Health care workers at Providence Health wearing 3D printed face shields manufactured and donated by local makers. | COURTESY OF MAKERFORCE/PORTLAND 3D PRINTING LAB
June 9, 2020

Chief medical officers of large hospital systems in Portland, reflecting on the early, frenetic days of the virus, say the pandemic has changed their perspective.

They scoured for vendors of personal protective equipment, competing with the rest of the country and the world. They arranged conference calls with hundreds of medical workers to discuss how hospitals are responding to the pandemic. They started talking more with each other.These were some of the issues that came up Tuesday in a panel that included 

Five Portland-area chief medical officers of hospital systems at the annual meeting of the Portland Business Alliance. The experts  also highlighted the death of George Floyd and the current attention on racism and discrimination. 

Dr. Steve Freer, chief medical officer of Providence Health & Services, said the response to Floyd’s death has been “both inspiring and troubling.” He said the outpouring of support for marginalized communities is inspiring and the troubling aspect is “the response of high-level political leaders who have failed us for years.”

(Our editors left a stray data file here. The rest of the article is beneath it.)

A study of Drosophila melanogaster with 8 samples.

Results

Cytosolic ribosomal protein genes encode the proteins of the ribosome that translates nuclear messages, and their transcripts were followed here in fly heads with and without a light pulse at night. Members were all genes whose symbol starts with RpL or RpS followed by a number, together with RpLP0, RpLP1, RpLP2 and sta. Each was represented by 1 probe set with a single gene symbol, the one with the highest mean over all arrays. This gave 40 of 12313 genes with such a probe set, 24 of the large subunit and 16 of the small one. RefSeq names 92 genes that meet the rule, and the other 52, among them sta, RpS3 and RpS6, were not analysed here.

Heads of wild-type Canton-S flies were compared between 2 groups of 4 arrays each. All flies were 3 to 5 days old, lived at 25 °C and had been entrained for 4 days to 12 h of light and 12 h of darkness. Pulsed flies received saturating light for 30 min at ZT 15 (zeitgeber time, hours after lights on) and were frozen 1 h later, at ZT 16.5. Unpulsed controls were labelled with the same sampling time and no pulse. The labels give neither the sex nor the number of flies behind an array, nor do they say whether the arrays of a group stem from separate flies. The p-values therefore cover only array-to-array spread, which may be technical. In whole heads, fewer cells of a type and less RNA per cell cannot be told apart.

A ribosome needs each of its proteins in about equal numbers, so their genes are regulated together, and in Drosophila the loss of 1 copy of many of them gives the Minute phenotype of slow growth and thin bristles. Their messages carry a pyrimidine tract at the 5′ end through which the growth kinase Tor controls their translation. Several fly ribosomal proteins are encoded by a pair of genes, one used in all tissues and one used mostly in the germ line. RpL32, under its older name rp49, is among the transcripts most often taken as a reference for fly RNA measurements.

The virtual event drew more than 600 viewers. 

Dr. Renee Edwards, senior vice president and chief medical officer of Oregon Health &Science University, said her institution recognized the need for adequate protective equipment and explored new options on how to extend its life and reuse it.

“We started talking together about how each of us were managing PPE,” Edwards said.

As for the pandemic, Freer said, Oregon had some lead time to get prepared with the first patient being in Seattle. Daily conversations grew from just a handful of physicians in the system to phone calls with hundreds of medical professionals, he said.

He praised the “fearlessness” he observed when colleagues put on their protective equipment and went to work treating patients. 

“I do believe we’ll get through this,” he said.

A leader at Kaiser Permanente remembered a colleague telling her to get ready:  to get ready.

He told her “life as you know it is changing, and our health care system will change,” said Dr. Mary Giswold, associate medical director of the hospital and post-acute care at Northwest Permanente, part of Kaiser.

Dr. Sahana Misra, chief of staff at Portland VA Medical Center, said the community’s preparation was a team effort, including help from businesses and the efforts of people to socially distance.

Dr. Lewis Low, senior vice president and chief medical officer at Legacy Health, said the company opposes racism, adding that the events provide an opportunity to look inwardly and consider how to combat the problem.

Low said they quickly realized they had low personal protective equipment supplies beyond their routine day-to-day usage when the pandemic broke.
However, he also praised an employee who “was sort of a pack rat” who kept nearly outdated protective equipment in its warehouse. That stash wasn’t enough, but it helped right away, Low said. 

“I give credit to that pack rat,” Low said. 

You can reach Ben Botkin at [email protected] or via Twitter @BenBotkin1.